Cisco CEO John Chambers has been banging the gong on what tech companies should do to tackle climate change this week at the Connected...

bus.jpgCisco CEO John Chambers has been banging the gong on what tech companies should do to tackle climate change this week at the Connected Urban Development conference. And because he’s a man who likes to eat he’s own dog food (who doesn’t?), Cisco has been uniting with few cities around the world to come up with some efficient tech.

The cities in question are San Francisco, Amsterdam and Seoul, who’ve Cisco says all have mayors bang up for tackling green issues and have some tasty broadband networks.

Guess what they’ve been doing with them? Oh alright, Greenbang will tell you. Here’s the deets from Cisco:

• “The Connected Bus,” is a landmark prototype that was developed by Cisco and the San Francisco Municipal Transportation Authority (SFMTA) to demonstrate an innovative way to make public transportation more green. The hybrid bus has a mobile hot spot that allows citizens to work while they ride; a Global Positioning System gives commuters updated status of bus routes and connections; LED displays provide information on emissions saved through public transit; and an automated system reduces the environmental impact of the bus through better maintenance. If deployed broadly throughout transit systems, the Connected Bus can significantly reduce carbon emissions in cities around the world.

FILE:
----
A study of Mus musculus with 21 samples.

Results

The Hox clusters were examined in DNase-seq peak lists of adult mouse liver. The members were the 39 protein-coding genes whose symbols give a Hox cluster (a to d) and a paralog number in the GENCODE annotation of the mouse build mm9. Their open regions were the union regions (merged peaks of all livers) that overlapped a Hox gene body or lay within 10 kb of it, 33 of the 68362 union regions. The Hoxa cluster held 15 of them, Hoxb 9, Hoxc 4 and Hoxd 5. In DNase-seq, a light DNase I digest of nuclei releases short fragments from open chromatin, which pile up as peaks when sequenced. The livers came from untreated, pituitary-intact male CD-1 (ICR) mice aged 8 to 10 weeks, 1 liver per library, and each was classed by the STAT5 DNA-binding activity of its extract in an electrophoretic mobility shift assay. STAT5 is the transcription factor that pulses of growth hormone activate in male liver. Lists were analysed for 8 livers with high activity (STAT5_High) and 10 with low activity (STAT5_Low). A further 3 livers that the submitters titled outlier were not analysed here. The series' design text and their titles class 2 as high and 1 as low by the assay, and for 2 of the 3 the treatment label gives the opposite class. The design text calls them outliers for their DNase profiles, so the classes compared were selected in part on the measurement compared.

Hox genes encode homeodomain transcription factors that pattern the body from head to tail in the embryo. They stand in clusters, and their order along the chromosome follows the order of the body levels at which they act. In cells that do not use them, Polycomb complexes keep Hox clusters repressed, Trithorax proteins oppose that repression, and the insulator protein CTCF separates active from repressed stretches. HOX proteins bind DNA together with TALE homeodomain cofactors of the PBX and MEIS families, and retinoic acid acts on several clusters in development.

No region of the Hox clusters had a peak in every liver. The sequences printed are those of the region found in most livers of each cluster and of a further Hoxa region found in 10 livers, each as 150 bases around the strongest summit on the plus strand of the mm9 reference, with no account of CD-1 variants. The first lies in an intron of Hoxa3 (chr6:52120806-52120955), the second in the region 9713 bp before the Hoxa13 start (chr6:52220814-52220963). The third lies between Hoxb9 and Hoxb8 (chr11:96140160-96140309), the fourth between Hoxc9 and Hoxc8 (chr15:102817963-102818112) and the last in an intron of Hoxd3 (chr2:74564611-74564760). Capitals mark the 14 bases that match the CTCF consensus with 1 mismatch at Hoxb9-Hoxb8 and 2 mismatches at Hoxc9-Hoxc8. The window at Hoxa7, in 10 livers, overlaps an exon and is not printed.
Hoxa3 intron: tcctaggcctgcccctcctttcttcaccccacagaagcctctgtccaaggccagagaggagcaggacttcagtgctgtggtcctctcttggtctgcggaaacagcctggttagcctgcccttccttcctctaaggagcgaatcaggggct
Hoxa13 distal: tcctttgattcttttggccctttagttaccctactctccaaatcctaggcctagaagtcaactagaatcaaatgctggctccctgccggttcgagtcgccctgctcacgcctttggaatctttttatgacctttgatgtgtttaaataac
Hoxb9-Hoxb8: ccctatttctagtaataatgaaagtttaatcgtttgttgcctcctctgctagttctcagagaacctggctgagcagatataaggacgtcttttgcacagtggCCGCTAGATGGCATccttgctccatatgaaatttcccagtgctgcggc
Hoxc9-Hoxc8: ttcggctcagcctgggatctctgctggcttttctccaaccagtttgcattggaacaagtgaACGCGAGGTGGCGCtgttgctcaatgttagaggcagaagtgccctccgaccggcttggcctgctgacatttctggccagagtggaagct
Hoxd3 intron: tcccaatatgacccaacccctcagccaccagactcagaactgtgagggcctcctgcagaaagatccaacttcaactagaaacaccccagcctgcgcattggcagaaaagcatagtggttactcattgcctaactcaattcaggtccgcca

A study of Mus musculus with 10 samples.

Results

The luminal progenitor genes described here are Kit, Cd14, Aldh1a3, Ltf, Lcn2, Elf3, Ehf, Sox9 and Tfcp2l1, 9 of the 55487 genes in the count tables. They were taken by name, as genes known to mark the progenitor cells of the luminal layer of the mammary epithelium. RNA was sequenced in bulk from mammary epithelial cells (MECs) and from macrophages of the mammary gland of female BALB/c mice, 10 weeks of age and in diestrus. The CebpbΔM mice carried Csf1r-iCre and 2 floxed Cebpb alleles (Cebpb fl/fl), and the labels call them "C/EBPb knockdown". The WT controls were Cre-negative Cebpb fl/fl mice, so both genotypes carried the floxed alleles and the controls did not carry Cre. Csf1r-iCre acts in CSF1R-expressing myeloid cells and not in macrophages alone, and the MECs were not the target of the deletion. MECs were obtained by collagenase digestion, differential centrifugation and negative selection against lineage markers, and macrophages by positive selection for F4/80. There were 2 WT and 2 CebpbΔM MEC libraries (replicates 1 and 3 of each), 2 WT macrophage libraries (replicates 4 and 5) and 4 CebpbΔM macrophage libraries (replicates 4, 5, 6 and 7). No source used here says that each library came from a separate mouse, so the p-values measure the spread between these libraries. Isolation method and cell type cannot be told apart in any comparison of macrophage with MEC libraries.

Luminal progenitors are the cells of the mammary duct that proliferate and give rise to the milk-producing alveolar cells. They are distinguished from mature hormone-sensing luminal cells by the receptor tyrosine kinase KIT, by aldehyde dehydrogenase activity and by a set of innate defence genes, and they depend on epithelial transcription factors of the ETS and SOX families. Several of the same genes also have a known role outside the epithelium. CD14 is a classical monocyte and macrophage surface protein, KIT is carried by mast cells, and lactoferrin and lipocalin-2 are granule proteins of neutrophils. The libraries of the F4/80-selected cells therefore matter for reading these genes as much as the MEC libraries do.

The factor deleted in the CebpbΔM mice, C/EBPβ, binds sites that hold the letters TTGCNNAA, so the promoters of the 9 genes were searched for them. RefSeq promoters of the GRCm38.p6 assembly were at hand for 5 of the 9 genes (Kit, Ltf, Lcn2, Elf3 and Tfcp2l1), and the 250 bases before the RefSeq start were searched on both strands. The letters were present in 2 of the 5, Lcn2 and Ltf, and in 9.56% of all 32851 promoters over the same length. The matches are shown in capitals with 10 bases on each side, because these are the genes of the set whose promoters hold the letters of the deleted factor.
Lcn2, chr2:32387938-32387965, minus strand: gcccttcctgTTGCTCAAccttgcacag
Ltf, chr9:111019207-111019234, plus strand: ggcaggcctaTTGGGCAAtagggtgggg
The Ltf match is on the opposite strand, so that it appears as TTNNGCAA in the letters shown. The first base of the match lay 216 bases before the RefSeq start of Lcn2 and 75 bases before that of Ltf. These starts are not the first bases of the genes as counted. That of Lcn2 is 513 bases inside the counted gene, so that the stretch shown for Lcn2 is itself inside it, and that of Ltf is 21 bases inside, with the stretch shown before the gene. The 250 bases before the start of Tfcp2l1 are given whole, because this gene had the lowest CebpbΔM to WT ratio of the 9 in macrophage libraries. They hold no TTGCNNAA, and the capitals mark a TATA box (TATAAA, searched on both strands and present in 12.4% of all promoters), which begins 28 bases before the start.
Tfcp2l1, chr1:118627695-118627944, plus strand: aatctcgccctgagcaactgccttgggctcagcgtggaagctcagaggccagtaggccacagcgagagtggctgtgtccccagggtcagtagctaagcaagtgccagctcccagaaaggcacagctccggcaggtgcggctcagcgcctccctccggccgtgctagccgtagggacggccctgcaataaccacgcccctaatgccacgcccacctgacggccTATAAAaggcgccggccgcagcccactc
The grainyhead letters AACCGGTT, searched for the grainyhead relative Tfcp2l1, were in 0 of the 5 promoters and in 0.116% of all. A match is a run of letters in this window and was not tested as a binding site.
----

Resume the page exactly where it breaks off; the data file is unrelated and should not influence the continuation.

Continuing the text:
• “Personal Travel Assistant (PTA),” is a pioneering service being developed by Cisco with input from the Massachusetts Institute of Technology (MIT). Currently being considered by the city of Seoul for pilot testing, PTA improves the transit experience within urban environments by empowering citizens to make more informed decisions on day-to-day transportation options based on schedule, financial and environmental implications. Accessible from any Web-based interface such as a mobile phone, PTA is the first service of its kind that provides green route options, integrates with other communication needs such as calendaring, and enables city agencies to predict and manage evolving citizen transportation needs more effectively.

• “Smart Work Centers,” an approach developed by Cisco and embraced by the city of Amsterdam, enables local residents to work in remote stations without having to travel into the heart of the city. The Smart Work Center concept is based on a combination of technology and services that deliver a true connected neighborhood experience: the innovative use of convergent video-voice-data technology solutions; the availability of onsite services such as child care centers, dining and banking; open public and exposition spaces; and flexible desk seating and meeting rooms.